When David Chilton wrote The Wealthy Barber in 1989, millions of North Americans bought it. The messages were clear and simple. The strongest: “Save 10%.” We all nodded and sighed. Yes, indeed, we should be saving. And once upon a time, we did.
Canadians had the reputation of being good savers. Between 1973 and 1993 we saved 10% or more, with our savings rate reaching a peak of 18.5% in 1982. In 1993, four years after Chilton started preaching about how important it is to “pay yourself first,” we began our great slide. By 1999, we’d hit an all-time low of 3.6%. But we weren’t done slipping yet. In 2003, the average Canadian saved just 1.4% of his or her pay. And in April of 2007, the personal savings rate came in at NEGATIVE 1.3%.
That’s the big question. Why would we just stop saving? What happened to make us think that we didn’t have to put away some money for the future?
In Boom, Bust and Echo, David Foot asserted that, “When you are young, you are a borrower. In your 40s and 50s, you are trying to build a nest egg for retirement.” Yet since 1993, as we watched the first of the baby boomers turn the corner to middle age, the savings rate plummeted despite a healthy economy, low inflation and more being written about the importance of saving. Today, there are more people going into retirement with debt than ever before.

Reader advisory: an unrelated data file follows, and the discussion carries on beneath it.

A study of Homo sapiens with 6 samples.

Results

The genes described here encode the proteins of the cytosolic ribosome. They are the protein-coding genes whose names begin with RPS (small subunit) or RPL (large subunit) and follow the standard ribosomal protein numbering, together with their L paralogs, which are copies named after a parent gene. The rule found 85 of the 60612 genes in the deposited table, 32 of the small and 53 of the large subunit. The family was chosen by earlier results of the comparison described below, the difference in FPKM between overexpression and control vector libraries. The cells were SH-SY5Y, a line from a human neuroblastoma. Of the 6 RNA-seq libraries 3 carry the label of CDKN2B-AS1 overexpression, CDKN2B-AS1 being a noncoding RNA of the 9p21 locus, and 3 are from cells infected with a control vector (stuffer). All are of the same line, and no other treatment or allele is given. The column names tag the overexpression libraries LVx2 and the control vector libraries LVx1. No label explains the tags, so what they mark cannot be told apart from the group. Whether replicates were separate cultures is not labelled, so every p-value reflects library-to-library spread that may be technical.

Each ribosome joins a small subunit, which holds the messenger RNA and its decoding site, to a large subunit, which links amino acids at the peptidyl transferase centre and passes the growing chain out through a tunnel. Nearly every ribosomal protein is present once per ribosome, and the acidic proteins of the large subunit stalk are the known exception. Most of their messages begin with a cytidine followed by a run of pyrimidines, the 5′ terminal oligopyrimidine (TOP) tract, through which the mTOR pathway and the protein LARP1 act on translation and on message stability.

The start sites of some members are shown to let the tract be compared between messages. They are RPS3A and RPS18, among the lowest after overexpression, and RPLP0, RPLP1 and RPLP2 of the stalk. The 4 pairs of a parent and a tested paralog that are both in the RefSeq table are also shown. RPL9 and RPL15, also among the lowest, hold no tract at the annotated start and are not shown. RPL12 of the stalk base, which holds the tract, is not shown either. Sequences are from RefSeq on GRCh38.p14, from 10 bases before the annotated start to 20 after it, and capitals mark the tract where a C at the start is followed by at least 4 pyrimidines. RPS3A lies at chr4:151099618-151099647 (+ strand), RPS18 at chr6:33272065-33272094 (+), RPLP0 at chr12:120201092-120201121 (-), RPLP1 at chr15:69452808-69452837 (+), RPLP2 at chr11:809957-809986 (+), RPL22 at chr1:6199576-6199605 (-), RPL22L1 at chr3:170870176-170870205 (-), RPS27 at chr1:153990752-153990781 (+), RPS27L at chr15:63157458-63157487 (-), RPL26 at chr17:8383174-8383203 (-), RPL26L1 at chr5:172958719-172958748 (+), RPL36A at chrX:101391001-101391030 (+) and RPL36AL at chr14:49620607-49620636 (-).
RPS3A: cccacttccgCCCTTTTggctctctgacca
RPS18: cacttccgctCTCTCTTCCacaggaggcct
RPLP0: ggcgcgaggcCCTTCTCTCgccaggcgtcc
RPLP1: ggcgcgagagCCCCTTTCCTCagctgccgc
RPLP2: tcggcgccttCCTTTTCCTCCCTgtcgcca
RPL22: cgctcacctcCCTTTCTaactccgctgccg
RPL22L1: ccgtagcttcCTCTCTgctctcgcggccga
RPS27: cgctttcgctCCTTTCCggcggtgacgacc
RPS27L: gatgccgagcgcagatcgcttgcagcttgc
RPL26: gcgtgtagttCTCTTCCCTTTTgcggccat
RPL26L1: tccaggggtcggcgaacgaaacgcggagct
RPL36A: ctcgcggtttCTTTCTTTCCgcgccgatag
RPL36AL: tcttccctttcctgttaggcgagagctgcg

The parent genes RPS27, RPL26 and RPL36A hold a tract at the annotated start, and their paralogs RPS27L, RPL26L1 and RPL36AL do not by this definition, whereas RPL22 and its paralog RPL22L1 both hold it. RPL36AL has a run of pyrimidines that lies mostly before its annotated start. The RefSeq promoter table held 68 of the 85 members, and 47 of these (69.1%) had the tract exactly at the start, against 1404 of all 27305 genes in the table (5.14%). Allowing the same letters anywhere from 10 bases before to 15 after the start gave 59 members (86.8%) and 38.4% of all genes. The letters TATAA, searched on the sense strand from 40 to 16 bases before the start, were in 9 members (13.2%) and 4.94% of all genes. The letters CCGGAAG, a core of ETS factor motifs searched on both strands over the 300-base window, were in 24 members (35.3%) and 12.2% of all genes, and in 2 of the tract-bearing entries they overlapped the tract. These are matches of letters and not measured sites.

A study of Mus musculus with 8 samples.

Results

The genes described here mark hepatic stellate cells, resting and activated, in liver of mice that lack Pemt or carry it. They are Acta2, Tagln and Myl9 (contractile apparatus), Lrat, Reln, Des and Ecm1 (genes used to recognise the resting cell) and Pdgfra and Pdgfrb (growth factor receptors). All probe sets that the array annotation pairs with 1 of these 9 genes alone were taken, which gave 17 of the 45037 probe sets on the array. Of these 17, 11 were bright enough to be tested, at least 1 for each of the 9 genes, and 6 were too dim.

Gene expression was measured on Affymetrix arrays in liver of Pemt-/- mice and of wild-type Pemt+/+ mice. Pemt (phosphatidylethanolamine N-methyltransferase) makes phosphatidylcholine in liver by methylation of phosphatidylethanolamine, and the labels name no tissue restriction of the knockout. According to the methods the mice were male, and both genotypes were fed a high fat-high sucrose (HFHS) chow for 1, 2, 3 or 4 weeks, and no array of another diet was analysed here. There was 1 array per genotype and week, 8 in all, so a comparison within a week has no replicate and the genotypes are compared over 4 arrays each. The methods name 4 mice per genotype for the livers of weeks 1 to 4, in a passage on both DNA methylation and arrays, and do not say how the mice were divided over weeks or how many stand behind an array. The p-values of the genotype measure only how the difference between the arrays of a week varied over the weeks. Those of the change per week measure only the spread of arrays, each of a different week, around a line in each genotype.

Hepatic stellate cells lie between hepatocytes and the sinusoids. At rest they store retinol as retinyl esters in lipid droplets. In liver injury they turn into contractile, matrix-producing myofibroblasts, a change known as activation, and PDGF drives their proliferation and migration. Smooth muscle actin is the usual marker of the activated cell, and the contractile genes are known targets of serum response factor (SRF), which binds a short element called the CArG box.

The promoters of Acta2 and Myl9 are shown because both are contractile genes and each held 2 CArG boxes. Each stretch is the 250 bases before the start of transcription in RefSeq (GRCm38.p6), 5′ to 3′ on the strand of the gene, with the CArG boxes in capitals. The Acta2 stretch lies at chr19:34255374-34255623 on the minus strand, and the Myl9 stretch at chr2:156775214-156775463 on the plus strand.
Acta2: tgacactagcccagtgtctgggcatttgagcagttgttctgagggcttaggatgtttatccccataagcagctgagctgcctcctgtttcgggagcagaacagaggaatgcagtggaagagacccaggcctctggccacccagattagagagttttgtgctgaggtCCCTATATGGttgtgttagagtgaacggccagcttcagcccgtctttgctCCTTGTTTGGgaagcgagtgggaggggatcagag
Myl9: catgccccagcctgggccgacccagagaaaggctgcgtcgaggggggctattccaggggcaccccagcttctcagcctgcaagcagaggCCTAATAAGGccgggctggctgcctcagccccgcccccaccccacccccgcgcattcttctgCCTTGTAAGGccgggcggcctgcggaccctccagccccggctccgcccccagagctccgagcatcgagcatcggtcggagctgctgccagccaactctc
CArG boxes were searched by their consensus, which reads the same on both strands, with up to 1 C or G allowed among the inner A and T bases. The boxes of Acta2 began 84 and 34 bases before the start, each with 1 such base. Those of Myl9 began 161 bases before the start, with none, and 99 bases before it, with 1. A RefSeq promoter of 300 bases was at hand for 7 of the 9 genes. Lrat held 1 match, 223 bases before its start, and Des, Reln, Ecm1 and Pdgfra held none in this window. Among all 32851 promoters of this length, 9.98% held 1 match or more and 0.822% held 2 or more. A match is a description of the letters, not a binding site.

Okay, so what we know we should do and what we actually do are totally different things. Whether you want to blame higher taxes, easy consumer credit, a booming housing market or job losses, the reality is that we are not saving what we should. The savings stats are a little like riding a roller coaster these days. According to the Stats Man, by the third quarter of 2009, our personal savings rate had risen to 4.8%. Yipee! By the first quarter of 2010, it had fallen back to 2.8% Awww! This is substantially lower than the 6.2% Americans were saving in the first quarter of 2010. Perhaps we, too, need the stuffing kicked out of us to get back into the savings game.